By Michelle Relerford and Alexandra Clark, NBC Chicago
Two toddlers who died in a fire early Saturday morning were left alone with two other young boys when the blaze broke out inside their Chicago apartment on the city's southside, police said.
Family and friends gathered Saturday evening for a vigil to honor 2-year-old Jariah and 3-year-old Jarvis. The boys were alone with a 7-year-old and a 4-year-old when the fire ignited.
Neighbor Tiffany Williams recounted what the boys who escaped told her: "They said they heard the baby crying, beating on the door but they couldn't go back to get her cause they were choking on the smoke."
A resident who called 911 just before 3:30 a.m. told authorities that young children were trapped inside the burning home in the 6400 block of South Paulina Street in the West Englewood area, Fire Media Affairs Director Larry Langford said. When firefighters arrived, the fire had blown out a window, with the open air feeding the flames.
?Everybody concentrated and made a frantic search to find them,? Langford said.
But ?extensive? fire made it difficult for firefighters to reach the rear bedroom where the fire started, and where the children were located.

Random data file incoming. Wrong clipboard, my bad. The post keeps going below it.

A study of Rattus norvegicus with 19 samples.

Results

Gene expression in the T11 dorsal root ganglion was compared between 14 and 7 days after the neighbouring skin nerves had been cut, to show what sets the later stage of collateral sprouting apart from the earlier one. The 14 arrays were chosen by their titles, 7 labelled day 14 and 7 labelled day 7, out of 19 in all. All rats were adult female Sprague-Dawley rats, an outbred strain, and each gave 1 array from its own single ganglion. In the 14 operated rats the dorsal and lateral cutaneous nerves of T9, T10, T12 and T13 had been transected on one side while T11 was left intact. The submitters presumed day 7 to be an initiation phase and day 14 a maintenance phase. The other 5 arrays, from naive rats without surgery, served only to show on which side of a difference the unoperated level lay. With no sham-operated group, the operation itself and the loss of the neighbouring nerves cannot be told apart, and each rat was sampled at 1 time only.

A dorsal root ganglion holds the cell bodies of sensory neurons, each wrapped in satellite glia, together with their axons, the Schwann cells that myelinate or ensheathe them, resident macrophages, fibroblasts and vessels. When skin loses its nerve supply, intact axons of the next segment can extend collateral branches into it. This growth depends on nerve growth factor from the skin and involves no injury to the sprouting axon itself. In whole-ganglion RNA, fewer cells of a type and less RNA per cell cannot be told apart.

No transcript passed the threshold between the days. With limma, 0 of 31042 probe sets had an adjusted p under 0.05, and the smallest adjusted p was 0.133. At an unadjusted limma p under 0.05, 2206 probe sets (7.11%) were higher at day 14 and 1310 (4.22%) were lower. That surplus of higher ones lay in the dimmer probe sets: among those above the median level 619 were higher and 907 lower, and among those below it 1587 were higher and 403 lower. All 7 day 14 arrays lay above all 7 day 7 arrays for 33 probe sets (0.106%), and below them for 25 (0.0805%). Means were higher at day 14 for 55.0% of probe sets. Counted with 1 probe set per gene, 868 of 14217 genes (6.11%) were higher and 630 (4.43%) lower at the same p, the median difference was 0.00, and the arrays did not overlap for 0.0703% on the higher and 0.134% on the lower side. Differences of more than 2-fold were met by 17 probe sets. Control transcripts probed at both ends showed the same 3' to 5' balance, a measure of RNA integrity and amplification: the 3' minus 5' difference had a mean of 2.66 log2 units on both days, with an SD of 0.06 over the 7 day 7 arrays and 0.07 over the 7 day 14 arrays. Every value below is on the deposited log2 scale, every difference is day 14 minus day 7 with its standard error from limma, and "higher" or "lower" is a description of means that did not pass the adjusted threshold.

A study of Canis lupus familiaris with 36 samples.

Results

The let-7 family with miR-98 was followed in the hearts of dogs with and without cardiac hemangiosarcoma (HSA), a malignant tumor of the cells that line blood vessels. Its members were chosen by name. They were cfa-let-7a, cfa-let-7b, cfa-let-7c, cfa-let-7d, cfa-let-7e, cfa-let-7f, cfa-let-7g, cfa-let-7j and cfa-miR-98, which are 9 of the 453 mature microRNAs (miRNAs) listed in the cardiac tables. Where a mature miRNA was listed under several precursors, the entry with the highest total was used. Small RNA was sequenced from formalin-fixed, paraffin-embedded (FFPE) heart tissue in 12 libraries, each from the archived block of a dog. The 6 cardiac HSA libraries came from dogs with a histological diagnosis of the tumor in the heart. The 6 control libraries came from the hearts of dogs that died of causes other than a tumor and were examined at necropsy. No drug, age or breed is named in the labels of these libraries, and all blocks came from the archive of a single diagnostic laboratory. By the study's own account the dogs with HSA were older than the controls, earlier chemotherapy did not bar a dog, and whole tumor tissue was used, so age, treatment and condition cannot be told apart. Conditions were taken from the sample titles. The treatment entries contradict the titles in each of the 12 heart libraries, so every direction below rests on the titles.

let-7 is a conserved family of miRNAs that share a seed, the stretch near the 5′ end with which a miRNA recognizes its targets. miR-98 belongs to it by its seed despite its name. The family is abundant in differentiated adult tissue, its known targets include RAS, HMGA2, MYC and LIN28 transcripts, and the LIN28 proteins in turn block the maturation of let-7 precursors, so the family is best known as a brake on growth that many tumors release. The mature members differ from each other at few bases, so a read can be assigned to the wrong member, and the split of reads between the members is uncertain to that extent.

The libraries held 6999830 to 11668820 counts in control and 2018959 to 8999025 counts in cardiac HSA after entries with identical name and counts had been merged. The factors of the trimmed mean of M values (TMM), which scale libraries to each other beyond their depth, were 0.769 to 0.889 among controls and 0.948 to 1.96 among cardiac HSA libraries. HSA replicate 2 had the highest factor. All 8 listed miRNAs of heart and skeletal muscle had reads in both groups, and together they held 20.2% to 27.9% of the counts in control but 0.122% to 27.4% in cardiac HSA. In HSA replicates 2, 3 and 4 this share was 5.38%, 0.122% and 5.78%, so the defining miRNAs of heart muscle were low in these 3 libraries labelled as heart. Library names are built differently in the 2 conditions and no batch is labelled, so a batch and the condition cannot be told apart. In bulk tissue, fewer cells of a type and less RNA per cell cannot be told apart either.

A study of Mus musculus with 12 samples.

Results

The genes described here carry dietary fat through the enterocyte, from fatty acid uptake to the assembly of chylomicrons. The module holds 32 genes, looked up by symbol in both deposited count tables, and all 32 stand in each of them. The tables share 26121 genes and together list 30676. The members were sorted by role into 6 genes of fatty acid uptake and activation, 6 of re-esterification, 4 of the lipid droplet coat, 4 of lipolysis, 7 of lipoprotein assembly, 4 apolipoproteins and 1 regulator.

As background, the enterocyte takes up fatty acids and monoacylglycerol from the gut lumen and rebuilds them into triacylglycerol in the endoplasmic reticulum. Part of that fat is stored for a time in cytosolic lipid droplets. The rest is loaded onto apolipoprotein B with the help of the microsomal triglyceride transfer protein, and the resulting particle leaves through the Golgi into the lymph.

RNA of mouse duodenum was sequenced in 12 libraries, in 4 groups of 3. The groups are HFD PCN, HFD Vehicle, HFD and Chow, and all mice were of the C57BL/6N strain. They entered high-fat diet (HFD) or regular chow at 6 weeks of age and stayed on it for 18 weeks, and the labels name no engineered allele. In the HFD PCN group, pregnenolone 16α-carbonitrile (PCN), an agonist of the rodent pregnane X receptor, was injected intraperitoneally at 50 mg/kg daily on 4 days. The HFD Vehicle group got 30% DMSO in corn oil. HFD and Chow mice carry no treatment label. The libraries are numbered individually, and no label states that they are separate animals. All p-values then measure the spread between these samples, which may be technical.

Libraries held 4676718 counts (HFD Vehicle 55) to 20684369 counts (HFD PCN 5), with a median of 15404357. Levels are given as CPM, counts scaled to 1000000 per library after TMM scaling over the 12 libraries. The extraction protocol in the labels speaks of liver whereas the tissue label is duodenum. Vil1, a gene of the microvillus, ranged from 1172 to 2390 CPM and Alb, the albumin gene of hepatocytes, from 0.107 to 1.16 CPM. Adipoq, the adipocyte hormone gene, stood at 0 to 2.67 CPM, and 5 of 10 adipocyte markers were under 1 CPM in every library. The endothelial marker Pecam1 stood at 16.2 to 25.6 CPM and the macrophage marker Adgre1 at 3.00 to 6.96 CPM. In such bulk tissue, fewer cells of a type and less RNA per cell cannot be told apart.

Witnesses said the children's mother was frantic.
"She was going crazy, no one could control her," Williams said.
Firefighters used a saw to cut the bars off a basement window in an attempt to reach the children, but they were unable to rescue the toddlers in time. They later found the children's bodies in the three-bedroom apartment on the first floor of the two-story gray stone building.
Fire investigators continue to sort out what caused the fire. They are also talking with the mother, who police said left the four children home alone.
"They said their mother was getting dressed told them to go in their room and go to sleep," said Williams. "They said they were left there alone and they'd been there by themselves for a long time."
The two surviving children were taken into the custody of Illinois Department of Children and Family Services.
Crews have not found any working smoke detectors in the home, Langford said. The Chicago Fire Department canvassed the neighborhood on Saturday, starting at 10 a.m., to pass out smoke alarms and share fire safety information.